Teen who ‘brazenly’ dealt drugs around New Milton is spared jail

Harley Haynes
Haynes was sentenced at Southampton Crown Court

A TEENAGER “brazenly” dealt drugs in and around New Milton during the first lockdown to pay off a debt, a court heard.


Harley Haynes (18), set up an enterprise in his bedroom – keeping track of his clients via deal and debt lists and even going so far as mapping out routes and plotting how much profit he would make by when, Southampton Crown Court heard.

Judge Charles Langley said such actions would usually see an offender sent straight to prison – but he noted Haynes was 17 at the time and had kept out of trouble since the last matter in July 2020, so spared him jail.

On 11th March last year Haynes was spotted by plain-clothes police doing a drug deal with a man, and after he pedalled off on his bike was followed to his home address on Moore Road, prosecutor Kaj Scarsbrook explained.

In his room police found cannabis with a street value of £600, drug equipment and messages on his phone sorting out drug deals, so arrested him.

After being questioned and released, Haynes was seen again in early April with a drug dealer in New Milton, and stopped and searched. When officers went to his home they found the drug enterprise had restarted in his room, complete with notebooks containing deal lists, the prosecutor said.

Haynes was again seen interacting with drug users in the town in May, and fled when seen by police who went to his home and again found a drug dealing enterprise.

Officers also found a new phone and, as they examined it, a text arrived from the drug users with whom they had spotted Haynes interacting moments earlier – during which the user said he needed drugs when “it was safe”.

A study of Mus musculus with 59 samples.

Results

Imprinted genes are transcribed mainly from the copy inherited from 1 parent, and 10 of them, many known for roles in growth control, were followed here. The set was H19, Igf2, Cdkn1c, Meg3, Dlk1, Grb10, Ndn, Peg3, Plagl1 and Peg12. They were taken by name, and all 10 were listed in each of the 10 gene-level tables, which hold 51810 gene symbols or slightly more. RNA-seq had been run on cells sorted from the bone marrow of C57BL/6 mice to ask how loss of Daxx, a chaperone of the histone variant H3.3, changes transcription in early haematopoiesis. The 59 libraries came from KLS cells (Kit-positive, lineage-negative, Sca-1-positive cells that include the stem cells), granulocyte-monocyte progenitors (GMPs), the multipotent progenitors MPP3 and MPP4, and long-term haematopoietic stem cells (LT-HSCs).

When Haynes, Mr Scarsbrook continued, was again caught with drugs on 23rd June, a search of his house revealed deal bags which had the initials “HH” on them as well as a “logistical plan” for his dealing route to maximise profits.

The defendant was also stopped in the street in New Milton in early July when cannabis was found on him – which he said was for personal use. Mr Scarsbrook said from all of the searches police had seized £260 in cash Haynes had made from deals.

The court was told that after each of his arrests Haynes had made “full and frank” admissions to his offending – even telling officers about more instances than they were aware of.

He was eventually charged and pleaded guilty to three counts of possessing class B drugs with intent to supply, two of being concerned in the supply and one of possessing criminal property – the £260 cash.

A seventh drug charge, which he had denied, was dropped after the prosecution offered no evidence.

Defending Ellie Fargin said her client got into dealing to pay back dealers “upstream” in the drug chain he was in debt to, partly because he smoked cannabis.

She said Haynes was the eldest of five children and there was “tension in the home” between him and his mother. He had starting smoking cannabis only after moving to New Milton, and continued to do so – although he wanted to receive help to address that.

Ms Fargin said her client had autism, had pleaded guilty at the first opportunity and wanted to gain more qualifications so he could resume work.

After his final arrest in July, Haynes realised the offending had to stop, and had kept out of trouble, she outlined, stressing his relative youth.

The final two points, Judge Langley said, had persuaded him to give Haynes a chance at rehabilitation. “This was brazen drug-dealing by you on a number of occasions,” he told Haynes, adding it was a “relatively sophisticated operation”.

He handed the defendant an 18-month community order, told him to undergo six months of low-intensity drug rehab, and do 100 hours’ unpaid work.